The Biomedical Advanced Research and Development Authority (BARDA), part of the U.S. Department of Health and Human Services (HHS) Office of the Assistant Secretary for Preparedness and Response (ASPR), announced on Oct. 30 it will provide expertise and $3.4 million to Cytovale to develop design specifications for an early sepsis detection system and potentially an additional $4.17 million over 2.5 years for additional work.
“Sepsis is a life-threatening condition triggered by an infection that can suddenly overwhelm the body and lead to septic shock and death,” said Ajay Shah, Ph.D., co-founder and CEO of Cytovale. “It has traditionally been difficult to quickly and accurately diagnose sepsis, making it the leading cause of death in U.S. hospitals, with 270,000 lives lost to the condition each year. We are excited to extend our partnership with BARDA and this esteemed group of investors to help us advance our technology for early detection of sepsis, which we believe will save and improve the lives of thousands of people.”
Cytovale’s system incorporates the latest developments in microfluidics, high-speed imaging, and machine learning to identify sepsis-specific biophysical signatures of immune cells from a small volume of blood. Currently, doctors must rely on measuring vital signs, blood lactate levels and other clinical chemistry to identify sepsis. Instead, Cytovale’s system looks at biophysical properties of immune cells and measures the immune cell activity associated with body’s immune response.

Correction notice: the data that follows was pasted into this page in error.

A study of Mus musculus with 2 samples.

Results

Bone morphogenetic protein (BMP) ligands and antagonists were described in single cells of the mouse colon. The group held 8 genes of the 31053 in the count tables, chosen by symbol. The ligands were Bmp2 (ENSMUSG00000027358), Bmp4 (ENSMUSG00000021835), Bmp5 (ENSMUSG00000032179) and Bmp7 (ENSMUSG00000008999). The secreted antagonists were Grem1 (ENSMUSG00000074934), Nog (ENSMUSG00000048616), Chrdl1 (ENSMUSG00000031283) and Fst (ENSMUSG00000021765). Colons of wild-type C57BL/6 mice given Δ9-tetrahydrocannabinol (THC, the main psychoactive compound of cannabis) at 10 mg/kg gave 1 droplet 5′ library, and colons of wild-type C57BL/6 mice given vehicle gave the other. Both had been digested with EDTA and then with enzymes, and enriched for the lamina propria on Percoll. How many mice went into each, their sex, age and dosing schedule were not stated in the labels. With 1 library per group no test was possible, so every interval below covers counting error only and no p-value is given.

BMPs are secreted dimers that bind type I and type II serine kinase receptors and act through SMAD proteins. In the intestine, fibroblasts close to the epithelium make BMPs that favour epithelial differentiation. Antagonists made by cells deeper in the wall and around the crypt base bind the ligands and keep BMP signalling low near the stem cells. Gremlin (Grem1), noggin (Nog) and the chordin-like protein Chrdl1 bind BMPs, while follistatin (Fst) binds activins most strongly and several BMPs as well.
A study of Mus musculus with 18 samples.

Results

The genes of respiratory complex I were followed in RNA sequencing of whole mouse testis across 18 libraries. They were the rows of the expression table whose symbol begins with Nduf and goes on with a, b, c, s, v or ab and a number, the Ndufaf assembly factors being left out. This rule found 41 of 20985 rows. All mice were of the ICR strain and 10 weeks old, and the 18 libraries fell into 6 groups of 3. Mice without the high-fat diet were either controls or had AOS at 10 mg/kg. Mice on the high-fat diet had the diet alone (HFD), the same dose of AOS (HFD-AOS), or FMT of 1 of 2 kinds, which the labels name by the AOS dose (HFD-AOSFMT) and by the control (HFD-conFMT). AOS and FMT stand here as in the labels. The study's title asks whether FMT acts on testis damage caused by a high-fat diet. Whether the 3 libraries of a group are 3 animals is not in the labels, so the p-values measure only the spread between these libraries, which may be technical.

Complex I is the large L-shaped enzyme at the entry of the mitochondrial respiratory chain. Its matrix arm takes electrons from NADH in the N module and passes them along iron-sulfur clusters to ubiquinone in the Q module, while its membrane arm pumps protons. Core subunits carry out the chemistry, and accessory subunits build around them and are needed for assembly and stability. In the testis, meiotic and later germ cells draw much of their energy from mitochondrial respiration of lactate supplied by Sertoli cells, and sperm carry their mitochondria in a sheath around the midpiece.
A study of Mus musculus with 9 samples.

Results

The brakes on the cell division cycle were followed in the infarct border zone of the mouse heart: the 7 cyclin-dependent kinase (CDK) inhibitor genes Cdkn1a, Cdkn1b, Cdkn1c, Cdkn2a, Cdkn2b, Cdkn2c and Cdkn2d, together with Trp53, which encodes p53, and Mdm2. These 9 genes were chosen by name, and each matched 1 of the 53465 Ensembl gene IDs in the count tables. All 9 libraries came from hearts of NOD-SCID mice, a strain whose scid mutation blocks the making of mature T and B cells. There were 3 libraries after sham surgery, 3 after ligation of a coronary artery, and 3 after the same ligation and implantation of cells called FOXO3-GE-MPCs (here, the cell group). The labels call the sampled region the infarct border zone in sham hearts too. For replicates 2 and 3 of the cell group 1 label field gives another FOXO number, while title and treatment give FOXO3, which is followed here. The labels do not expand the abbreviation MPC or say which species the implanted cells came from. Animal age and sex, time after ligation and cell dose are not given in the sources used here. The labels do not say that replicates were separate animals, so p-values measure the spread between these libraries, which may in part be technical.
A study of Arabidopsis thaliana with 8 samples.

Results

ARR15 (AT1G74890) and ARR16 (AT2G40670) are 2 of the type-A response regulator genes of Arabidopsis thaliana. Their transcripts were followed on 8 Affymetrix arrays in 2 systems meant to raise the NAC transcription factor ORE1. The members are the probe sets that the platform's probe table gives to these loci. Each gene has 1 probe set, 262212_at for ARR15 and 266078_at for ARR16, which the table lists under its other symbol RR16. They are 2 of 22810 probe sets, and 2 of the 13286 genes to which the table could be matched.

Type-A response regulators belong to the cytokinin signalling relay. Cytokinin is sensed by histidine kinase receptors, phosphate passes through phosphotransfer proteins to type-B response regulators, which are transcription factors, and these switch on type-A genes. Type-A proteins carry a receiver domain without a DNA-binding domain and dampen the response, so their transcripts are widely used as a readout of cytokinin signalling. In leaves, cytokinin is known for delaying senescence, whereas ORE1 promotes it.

“We need faster diagnostics to reduce the health burden of sepsis in our country and save lives. Like so many threats, speed of diagnosis is critical to improving outcomes for sepsis patients. Through this and other projects, our Solving Sepsis program continues to focus on catalyzing technology to address sepsis.” BARDA Director Rick Bright, Ph.D.
The cost-sharing agreement builds on work completed under a previous cost-sharing contract between Cytovale and BARDA’s Division of Research Innovation and Ventures (DRIVe). BARDA provided $749,000 under that agreement through an EZ-BAA, or Easy Broad Agency Announcement.
Cytovale also announced on Oct. 30 it has raised $7.4 million in an extension of Series B equity financing, co-led by existing investors Breakout Ventures and Blackhorn Ventures. Western Technology Investment (WTI), who provided a venture debt facility to the company, also participated in the equity financing. Funds will be used to advance Cytovale’s technology through Good Manufacturing Practice (GMP) and conduct clinical studies needed to pursue regulatory clearance of the Cytovale test.
Funds will be used to advance Cytovale’s technology through Good Manufacturing Practice (GMP) and conduct clinical studies needed to pursue regulatory clearance of the Cytovale test.
Cytovale’s rapid diagnostic is designed to measure immune cell activity associated with the dysregulated host response in sepsis in less than 10 minutes, with the goal of enabling timely and accurate triage in the emergency department.
Early detection of sepsis enables early treatment, which is crucial to survival. With current approaches, sepsis remains challenging to diagnose early in a patient’s journey, often consuming valuable emergency department resources and delaying care to those who need it most. Sepsis could pose an even greater health security threat in a chemical, biological, radiological or nuclear emergency, or as a complication of an influenza pandemic or other emerging infectious disease outbreak.